How the Student Loan Market Became a Big Mess

Anelle Valdes
Anelle Valdes

There are some things that need to be ruined from time to time. “Adam Ruins Everything” does a great job of elaborating on the issues facing modern audiences, on everything from dieting to dog breeds. One of the newest episodes of this hit TruTV series deals with student loans, including how and why there are so many problems facing college students now.

Adam Conover names one specific event as the tipping point which changed how student loans function in American society. This was the deregulation and privatization of Sallie Mae in the 90s. Sallie Mae was created in 1972 as a government institution charged with offering standardized loans to aspiring college students. In 1996, legislation was passed that transformed this government agency into a private corporation.

It is still private to this day, just like any other bank.

Private means profits

After the privatization of Sallie Mae, there was a concerted marketing effort to encourage students to take out more loans, as well as collecting on government fees. Sallie Mae even offered incentives to schools, if the institutions would use Sallie Mae as their financial aid company of choice for loans for their students.

The lack of fair competition and transparency led to a degradation of an idea that could otherwise provide a lot of benefit to society. Sallie Mae is cited as perpetrating many trespasses, including:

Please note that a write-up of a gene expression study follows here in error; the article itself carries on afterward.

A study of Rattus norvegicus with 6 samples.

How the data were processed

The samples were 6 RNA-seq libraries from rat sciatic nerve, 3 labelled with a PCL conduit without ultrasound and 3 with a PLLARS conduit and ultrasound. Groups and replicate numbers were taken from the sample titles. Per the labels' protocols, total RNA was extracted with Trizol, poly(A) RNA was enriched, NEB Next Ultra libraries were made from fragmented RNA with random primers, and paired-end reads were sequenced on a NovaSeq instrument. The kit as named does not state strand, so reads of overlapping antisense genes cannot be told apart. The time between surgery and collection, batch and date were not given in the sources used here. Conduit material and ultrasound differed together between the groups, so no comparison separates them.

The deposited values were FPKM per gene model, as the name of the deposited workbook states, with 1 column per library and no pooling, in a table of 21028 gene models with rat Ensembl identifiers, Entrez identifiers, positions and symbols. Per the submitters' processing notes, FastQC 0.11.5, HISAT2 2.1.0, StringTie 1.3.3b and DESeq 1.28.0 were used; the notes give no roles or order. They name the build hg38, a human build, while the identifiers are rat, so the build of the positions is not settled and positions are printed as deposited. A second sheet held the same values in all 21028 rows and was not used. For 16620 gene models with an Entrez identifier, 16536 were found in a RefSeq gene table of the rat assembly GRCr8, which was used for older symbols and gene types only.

• Bribing financial aid officers with cruises
  • Masquerading private representatives as college employees
  • Encouraging students to take out more debt than they needed

All of these, and more, became common practice, and directly led to today’s student loan crisis. Students are tempted to structure monthly payments so low that they subsequently fail to cover accruing interest, which causes principal balances to balloon, to the tune of some $1.3 trillion in recent years.

Now, a quarter of college students and graduates are falling behind on their student loans, with no end or hope in sight. Even bankruptcy is off the table; student loan obligations cannot be wiped clean upon a declaration of bankruptcy. Over 8 million student loan borrowers are currently listed as in default.

So, “How College Got So Evil” might not be such a bad title for a new segment from the sensational show that ruins everyday perceptions.

“Unlike other types of debt, if you default on a federal student loan, the government can garnish up to 15% of your wages, tax refunds, and social security benefits… And if your parents co-signed your loan, their income can be garnished, too…”

Sallie Mae, Gone But Not Forgotten

“In 2010, the government finally cut out middlemen like Sallie Mae,” Adam says in this episode, “but it wasn’t enough. A generation of Americans have had to financially cripple themselves with debt just to get the basic education that will allow them to survive in today’s economy.”

For more information about the sources Adam’s team used to put this episode together, you can view their source list at their website. To watch the segment and hear it for yourself, check it out on YouTube.

If you need help funding your education and don’t want to get suckered into the pitfalls of a federal student loan, there are other options. Wise Loan specializes in some of them, so check us out today!

The recommendations contained in this article are designed for informational purposes only.  Essential Lending DBA Wise Loan does not guarantee the accuracy of the information provided in this article; is not responsible for any errors, omissions, or misrepresentations; and is not responsible for the consequences of any decisions or actions taken as a result of the information provided above.